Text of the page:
Rangers Are an Analytical Anomaly

At 32-13-5, the New York Rangers’ 69 points are good for third place in the Metropolitan Division. Only five teams in the NHL have more points and have a better point percentage than the Rangers. For a group that still has one of the youngest rosters in the league, the jump between last season and this one has been marvelous.

But glancing past the standings and team points, you see a trend that has puzzled the analytics community all season long. For 50 games now, the Rangers have vastly underperformed at five-on-five but somehow remain among the league’s elite.

The data is supposed to even out over time, but head coach Gerard Gallant’s Rangers keep finding innovative ways to defy the odds. Rarely is a team this much of an analytical outlier while having success. And yes, the first 10 games, which were abysmal for the Rangers, skewed the numbers slightly. But inconsistencies have plagued the Blueshirts all season.

Analytics and the eye test tell us that. There are games they look sluggish, games they don’t shoot the puck, and games in which they look like the team we grew accustomed to last season. So how on Earth are the Rangers this good when the numbers tell us they don’t belong?

Well, let’s find out.

A Dive Into the Rangers’ Analytics

For those who have seen ‘Moneyball,’ Brad Pitt infamously says, “There’s 50 feet of crap. Then there is us.” That quote pretty much sums up the Rangers at five-on-five analytically. By the metrics, the Rangers are not a top-five NHL team.

Per Natural Stat Trick, they rank last in Corsi-for percentage (CF%), 31st in Fenwick-for percentage (FF%), 29th in shots for percentage (SF%), 15th in goals for percentage (GF%), 29th in expected goals for percentage (xGF%), and last in scoring chances For percentage (SCF%). In other words, the Rangers at five-on-five are extraordinarily sub-par, especially when you consider where they are in the standings.

The Rangers have found ways to win as harsh as these numbers are. And recently, the Rangers have started to play at a more even clip when five-on-five, even edging their opponents in three of the last four games. Signs are beginning to point in the right direction for a team with moves at the trade deadline on their horizon.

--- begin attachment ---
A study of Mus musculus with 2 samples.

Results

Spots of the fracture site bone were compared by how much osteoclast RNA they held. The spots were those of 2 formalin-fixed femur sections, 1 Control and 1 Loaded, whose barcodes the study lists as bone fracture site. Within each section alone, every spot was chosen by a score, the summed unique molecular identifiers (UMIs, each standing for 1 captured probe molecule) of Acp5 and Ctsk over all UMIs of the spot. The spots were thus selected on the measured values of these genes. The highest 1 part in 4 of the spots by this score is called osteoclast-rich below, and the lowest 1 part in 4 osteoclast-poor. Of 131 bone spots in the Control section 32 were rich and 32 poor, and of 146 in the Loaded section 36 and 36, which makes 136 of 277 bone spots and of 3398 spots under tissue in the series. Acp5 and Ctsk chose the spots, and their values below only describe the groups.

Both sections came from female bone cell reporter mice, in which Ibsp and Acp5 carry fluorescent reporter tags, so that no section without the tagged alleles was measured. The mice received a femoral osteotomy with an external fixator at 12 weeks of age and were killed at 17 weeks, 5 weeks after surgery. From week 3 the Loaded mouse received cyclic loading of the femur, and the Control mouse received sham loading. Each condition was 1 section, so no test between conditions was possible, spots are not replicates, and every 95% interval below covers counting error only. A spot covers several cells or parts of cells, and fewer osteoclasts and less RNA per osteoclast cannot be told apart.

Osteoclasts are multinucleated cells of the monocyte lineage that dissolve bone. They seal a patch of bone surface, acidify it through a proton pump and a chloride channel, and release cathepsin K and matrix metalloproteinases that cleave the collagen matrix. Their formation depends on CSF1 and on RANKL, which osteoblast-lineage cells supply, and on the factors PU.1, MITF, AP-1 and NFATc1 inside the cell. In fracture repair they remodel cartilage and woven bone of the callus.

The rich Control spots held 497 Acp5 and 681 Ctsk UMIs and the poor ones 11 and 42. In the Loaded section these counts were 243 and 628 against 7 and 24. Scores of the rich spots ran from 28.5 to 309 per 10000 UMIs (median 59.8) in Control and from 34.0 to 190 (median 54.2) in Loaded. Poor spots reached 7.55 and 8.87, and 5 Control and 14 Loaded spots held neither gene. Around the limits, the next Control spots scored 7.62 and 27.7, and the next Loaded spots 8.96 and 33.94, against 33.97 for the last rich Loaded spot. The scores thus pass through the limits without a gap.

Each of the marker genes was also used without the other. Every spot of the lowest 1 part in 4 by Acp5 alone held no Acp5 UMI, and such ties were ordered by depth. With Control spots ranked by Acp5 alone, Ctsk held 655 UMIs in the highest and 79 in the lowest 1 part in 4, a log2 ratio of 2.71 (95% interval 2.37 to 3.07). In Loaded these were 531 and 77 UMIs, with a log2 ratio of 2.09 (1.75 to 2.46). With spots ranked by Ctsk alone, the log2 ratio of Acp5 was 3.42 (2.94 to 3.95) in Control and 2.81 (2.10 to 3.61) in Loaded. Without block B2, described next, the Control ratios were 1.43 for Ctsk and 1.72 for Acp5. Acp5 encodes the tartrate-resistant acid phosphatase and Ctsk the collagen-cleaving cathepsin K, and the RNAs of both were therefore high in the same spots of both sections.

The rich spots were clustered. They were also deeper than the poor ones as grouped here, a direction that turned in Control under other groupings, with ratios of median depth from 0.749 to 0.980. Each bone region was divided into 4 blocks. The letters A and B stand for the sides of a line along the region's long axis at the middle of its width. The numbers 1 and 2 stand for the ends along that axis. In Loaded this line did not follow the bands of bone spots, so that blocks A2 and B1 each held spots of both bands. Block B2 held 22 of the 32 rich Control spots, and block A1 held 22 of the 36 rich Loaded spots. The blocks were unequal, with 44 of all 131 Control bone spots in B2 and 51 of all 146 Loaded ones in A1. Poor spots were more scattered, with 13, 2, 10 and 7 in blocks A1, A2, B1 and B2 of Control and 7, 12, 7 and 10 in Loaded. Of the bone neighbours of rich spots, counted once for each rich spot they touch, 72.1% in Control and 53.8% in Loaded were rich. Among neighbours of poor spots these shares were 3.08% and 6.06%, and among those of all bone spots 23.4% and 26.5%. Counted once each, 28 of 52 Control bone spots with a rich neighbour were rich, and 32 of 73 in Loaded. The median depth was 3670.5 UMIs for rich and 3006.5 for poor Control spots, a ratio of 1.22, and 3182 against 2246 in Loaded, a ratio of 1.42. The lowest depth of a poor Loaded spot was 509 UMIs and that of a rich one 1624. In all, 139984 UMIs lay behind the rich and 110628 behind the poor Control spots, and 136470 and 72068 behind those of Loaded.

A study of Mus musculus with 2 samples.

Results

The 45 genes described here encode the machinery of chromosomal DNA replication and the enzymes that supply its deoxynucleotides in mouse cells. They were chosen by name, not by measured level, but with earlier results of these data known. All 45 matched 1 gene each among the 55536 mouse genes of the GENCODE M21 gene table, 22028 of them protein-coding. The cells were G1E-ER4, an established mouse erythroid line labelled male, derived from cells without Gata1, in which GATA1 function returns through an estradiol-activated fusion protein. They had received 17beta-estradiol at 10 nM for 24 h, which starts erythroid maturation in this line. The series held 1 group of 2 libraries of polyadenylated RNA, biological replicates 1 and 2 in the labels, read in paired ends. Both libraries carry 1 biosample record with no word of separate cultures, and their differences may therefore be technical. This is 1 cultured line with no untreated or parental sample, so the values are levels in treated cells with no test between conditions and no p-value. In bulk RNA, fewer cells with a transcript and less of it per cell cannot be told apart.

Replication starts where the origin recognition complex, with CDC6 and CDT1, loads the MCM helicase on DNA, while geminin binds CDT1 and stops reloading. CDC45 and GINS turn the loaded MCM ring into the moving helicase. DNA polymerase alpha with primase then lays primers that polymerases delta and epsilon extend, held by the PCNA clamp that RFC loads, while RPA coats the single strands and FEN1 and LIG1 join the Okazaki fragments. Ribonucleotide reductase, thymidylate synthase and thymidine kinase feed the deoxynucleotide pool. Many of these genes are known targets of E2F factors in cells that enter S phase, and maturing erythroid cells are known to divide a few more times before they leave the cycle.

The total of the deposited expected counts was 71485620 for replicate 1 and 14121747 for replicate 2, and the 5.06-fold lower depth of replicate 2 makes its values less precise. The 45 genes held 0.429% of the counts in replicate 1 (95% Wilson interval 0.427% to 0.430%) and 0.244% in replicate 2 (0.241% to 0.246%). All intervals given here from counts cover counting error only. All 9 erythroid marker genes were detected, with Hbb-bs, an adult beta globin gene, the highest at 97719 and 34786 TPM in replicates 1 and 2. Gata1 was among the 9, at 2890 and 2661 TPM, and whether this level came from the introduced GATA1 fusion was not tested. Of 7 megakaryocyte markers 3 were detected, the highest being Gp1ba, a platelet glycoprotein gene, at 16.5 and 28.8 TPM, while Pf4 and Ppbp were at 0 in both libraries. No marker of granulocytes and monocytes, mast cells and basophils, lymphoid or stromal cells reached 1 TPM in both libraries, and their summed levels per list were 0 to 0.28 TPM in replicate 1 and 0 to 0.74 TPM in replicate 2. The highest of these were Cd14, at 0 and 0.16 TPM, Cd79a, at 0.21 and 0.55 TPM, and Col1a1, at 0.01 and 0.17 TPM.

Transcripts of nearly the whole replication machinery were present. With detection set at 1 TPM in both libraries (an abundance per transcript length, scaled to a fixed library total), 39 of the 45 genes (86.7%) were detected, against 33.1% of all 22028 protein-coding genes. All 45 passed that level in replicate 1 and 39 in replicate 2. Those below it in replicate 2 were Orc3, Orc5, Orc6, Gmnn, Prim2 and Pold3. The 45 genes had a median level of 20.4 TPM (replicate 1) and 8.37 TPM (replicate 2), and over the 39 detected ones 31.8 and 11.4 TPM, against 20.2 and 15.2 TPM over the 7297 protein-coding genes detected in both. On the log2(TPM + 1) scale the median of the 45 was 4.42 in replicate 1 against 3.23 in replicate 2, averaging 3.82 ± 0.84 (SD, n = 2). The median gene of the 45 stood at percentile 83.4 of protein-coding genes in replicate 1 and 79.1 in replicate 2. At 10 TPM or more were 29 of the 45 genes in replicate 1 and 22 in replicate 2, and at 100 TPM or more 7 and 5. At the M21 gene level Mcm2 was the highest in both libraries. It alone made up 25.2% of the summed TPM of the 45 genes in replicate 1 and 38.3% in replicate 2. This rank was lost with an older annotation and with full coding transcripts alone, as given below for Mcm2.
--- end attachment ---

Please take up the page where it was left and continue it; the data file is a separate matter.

But the secret to the Rangers’ success isn’t much of a secret anymore. The answer is twofold, starting with goaltender Igor Shesterkin. Shesterkin, contrary to the Rangers at five-on-five, has been an analytical gem.

Igor Shesterkin New York Rangers
Igor Shesterkin, New York Rangers (Amy Irvin / The Hockey Writers)

At all strengths with goaltenders who have played over 300 minutes, Shesterkin leads the league in goals saved above average (GSAA) with 30.67. That mark is almost 10 goals higher than Jacob Markstrom, who is second. Shesterkin’s .879 high danger save percentage (HDSV%) is second to only Ville Husso’s .881, and his high danger goals saved above average (HDGSAA) is first at 17.71. (Data courtesy of Natural Stat Trick)

With a 24-5-3 record, a minuscule 2.01 goals-against average, and a .939 save percentage, the Rangers’ netminder has been other-worldly this season. His play is the main reason why the Rangers are where they are, but not the sole reason. The other is special teams play.

Related: Rangers’ Emphasis on Discipline Is Paying Off

On the power play, the Rangers are fifth in CF%, third in FF%, second in SF%, third in GF%, second in xGF%, and 17th in SCF%. They are utterly dominant when up a man, taking advantage of any chances given to them by the opposition. At 26.6 percent, their power play is third in the NHL, a crucial factor in their offensive game.

Deadline Improvements Will Be Key

As ugly as the five-on-five numbers are, the Rangers are fortunate enough to have the goaltending and special teams units to overpower their flaws. Numbers don’t play the games, people do, and the Rangers have the best goaltender in the league right now.

For me, the concerning part of the analytics is that the Rangers are seemingly following an identical path that caused heartbreak throughout Henrik Lundqvist’s 15-year career. As their younger forwards and defensemen mature, the Rangers will naturally improve. But an impactful and intelligent trade deadline could speed up that improvement.

Adding players who can push the Rangers to the middle of the pack at five-on-five play would make this group extremely tough to beat. The world-class goaltending and special teams are not going anywhere, and any improvements at even strength will boost the Blueshirts playoff odds.

Joe Pavelski, Reilly Smith, and Arturi Lehkonen would positively impact the Rangers’ five-on-five play. Plus, there will be options available for Chris Drury to pounce on, as well as assets and cap-space aplenty. Which assets to move on from and how close the Rangers are will be discussed heavily in the coming weeks.

Joe Pavelski Dallas Stars
Joe Pavelski, Dallas Stars (Amy Irvin / The Hockey Writers)

Can the Blueshirts find that play-driving forward? Will that player slot into the top-six or bottom-six? Do the Rangers look to improve on the blue line, or do they think internal improvements will suffice? The deadline will answer many of these questions, but the on-ice performance of who gets acquired will determine whether the Rangers can improve analytically and statistically.

If you follow me, you know that I think analytics are helpful but not all-powerful. There are ways to defy the analytics, exemplified by this 2021-22 Rangers squad. But they paint a picture that we can all see with our eyes. The Rangers need to improve at five-on-five, but through 50 games, they remain one of the unique analytical anomalies since the introduction of analytics in the late 2000s to early 2010s.